I’m surprised at how un-jet-lagged I was. I woke up around 9 feeling ready to take on the world. By 10 I was out the door with an agenda. Get breakfast, roam the city on foot, visit Vondelpark, get ice cream, go to Bicycle Hotel by 6. Unfortunately, it seems this part of Amsterdam on Sunday sleeps in a bit later because the only places that looked open were cafes, and I didn’t think they served anything but coffee. Fun fact – I don’t drink coffee, especially in 80-90 degree weather.
So I skipped to step 2. I stopped by a big open lawn with a cool sculpture. Not having any real time crunch, I decided to post up for a while and read a chapter of Pollyanna, while observing the strange not-quite-crows. Eventually I found myself in Vondelpark and let me say, it’s big and awesome. It’s the kind of park you can get lost in, and it’s full of trails, creeks, playgrounds, and people. There was a fountain/water park that caught my eye that was full of families and little kids in a scene that seemed very Seattle Center to me.
By noon, it still seemed like nothing was open so I decided I would go back to Bart’s house and eat some of his cereal (he told me to help myself in his note). It did the trick and I was surprised at how un-hungry I was considering I had barely eaten since the plane ride. I felt a little lame killing the early afternoon at Bart’s, so I assured myself that after meeting up with everyone I’d be a bit more active.
In researching how to get to the Bicycle Hotel (walking with all my stuff would be horrid), it took me about 30 minutes to realize Google Maps probably does public transit in the Netherlands. Take notes Bing. I headed to the bus stop with plenty of time to spare, which I used to get some ice cream. Getting to the front of the line I politely asked, “Do you speak English?” to which the server responded with a smile and a laugh, “Of course!” I started to wonder if it was impolite to ask. My instinct tells me it’s impolite to walk up to someone and assume they speak a foreign language, but Trent informed me later that while asking was not necessarily impolite, it is sort of similar to asking someone if they dropped out of high school or not.
On the way out, I had my backpack on, duffle on one shoulder, and ice cream cone in the other hand. Needless to say, I was a bit clumsy and I tapped a parked bike with my bag. It went right down and took another bike with it. Only having one free hand, I struggled to put them up, which would have been hard without the help of a nice bystander.
Getting on the bus, I realized I did not have exact fare. I sheepishly asked if I could just pay 3 Euros for the 2.70 fare. I was surprised when the driver not only let me, but handed back change! Take notes King County Metro.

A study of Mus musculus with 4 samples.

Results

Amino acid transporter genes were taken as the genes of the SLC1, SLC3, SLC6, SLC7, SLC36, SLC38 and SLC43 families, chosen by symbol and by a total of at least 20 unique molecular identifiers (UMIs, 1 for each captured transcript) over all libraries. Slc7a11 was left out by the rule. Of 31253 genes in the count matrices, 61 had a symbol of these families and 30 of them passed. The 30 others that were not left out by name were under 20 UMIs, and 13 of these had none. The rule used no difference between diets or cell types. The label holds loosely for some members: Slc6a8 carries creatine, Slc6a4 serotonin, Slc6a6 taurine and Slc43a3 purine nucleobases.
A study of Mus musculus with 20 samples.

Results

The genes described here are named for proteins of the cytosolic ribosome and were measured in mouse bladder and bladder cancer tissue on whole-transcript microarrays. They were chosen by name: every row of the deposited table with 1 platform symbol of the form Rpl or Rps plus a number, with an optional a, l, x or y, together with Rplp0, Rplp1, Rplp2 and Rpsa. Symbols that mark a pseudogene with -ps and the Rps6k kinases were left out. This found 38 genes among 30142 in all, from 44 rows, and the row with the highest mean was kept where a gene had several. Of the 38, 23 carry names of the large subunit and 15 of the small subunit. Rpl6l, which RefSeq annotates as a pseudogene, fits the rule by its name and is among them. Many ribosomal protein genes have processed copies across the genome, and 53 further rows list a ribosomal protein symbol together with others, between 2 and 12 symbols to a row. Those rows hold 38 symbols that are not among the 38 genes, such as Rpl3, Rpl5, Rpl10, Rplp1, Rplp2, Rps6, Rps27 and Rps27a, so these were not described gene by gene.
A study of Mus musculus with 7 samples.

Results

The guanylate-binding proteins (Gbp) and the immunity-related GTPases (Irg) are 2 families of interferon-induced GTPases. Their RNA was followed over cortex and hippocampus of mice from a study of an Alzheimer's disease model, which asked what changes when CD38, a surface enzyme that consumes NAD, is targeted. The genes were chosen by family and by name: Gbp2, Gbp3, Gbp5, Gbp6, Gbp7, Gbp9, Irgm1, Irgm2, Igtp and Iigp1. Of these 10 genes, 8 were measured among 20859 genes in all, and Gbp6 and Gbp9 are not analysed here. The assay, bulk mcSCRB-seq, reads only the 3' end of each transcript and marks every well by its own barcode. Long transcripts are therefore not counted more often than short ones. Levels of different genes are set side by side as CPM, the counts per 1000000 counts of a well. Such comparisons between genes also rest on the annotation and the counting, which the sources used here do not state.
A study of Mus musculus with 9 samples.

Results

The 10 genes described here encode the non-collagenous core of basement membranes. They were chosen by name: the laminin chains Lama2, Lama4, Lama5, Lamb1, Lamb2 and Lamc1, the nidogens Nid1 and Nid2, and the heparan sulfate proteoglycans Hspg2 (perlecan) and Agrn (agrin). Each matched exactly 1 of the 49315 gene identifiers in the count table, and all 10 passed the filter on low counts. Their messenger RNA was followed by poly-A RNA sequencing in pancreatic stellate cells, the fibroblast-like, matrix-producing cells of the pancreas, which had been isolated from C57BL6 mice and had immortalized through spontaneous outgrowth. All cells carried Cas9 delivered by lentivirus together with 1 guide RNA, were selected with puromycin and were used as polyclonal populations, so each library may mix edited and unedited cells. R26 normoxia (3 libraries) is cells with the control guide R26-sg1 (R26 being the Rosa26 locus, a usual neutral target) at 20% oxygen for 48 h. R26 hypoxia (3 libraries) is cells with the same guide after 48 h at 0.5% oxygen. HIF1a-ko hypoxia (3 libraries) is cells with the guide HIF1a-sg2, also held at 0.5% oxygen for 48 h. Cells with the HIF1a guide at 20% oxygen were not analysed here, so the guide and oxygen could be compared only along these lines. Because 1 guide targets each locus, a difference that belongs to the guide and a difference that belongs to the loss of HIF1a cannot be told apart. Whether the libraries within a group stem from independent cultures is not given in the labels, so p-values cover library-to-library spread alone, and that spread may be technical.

One thing I learned today is that you should never rely on buildings being organized in blocks. Contrary, there are many wide roads that have long rows of tightly packed buildings with no alleyways. I suspect they can pack a lot more into less space, but if you find yourself one “block” away from your destination, you may have to traverse one long row, then traverse back on the next. This is a fun thing to learn while carrying all your stuff for a four week trip on your back and shoulders.
I was initially locked out of the Bicycle Hotel and didn’t know what to do until a group of Americans walked right past me before one turned around and asked if I was looking for the Bicycle. Ah some of the grad students! I thought they looked familiar. It turned out that the door is always locked and you need a code.
We mingled for a bit before Trent began the orientation, which helped me feel less like a clueless child. Nobody seemed more with it than me, and the textbook I didn’t bring started sounding mighty optional. I’m sure I can borrow from others. We then took a short walking tour of the area that ended at a cafe where we mingled over drinks and a local snack called bitter ballen (it’s like deep fried gravy). We played “something interesting about yourself,” which I usually kind of hate. I never like playing the fencing card because maybe I don’t feel it makes me that interesting anymore. Ultimately, I doubled my interesting fact with a word of caution, explaining that I can have a bizarre sense of humor, sometimes thriving too much on awkward situations. Not sure how a fact like that comes off, but it’s here to stay. All-in-all it felt good to have met up with everyone. I don’t know how much I would have enjoyed a similar trip by myself.
Tomorrow is the first day of class at 10:00am and we also have a guest lecturer talking about Wikipedia. Not sure there will be much in the way of afternoon adventures, but we may have some fun in the evening. I’m looking forward to it! On a less “bright” note, while writing out today’s journal entry by hand, my reading light burned out and I brought no spare bulbs. Hopefully I work around this, because if I don’t, the 5 lbs of books I brought is wasted space.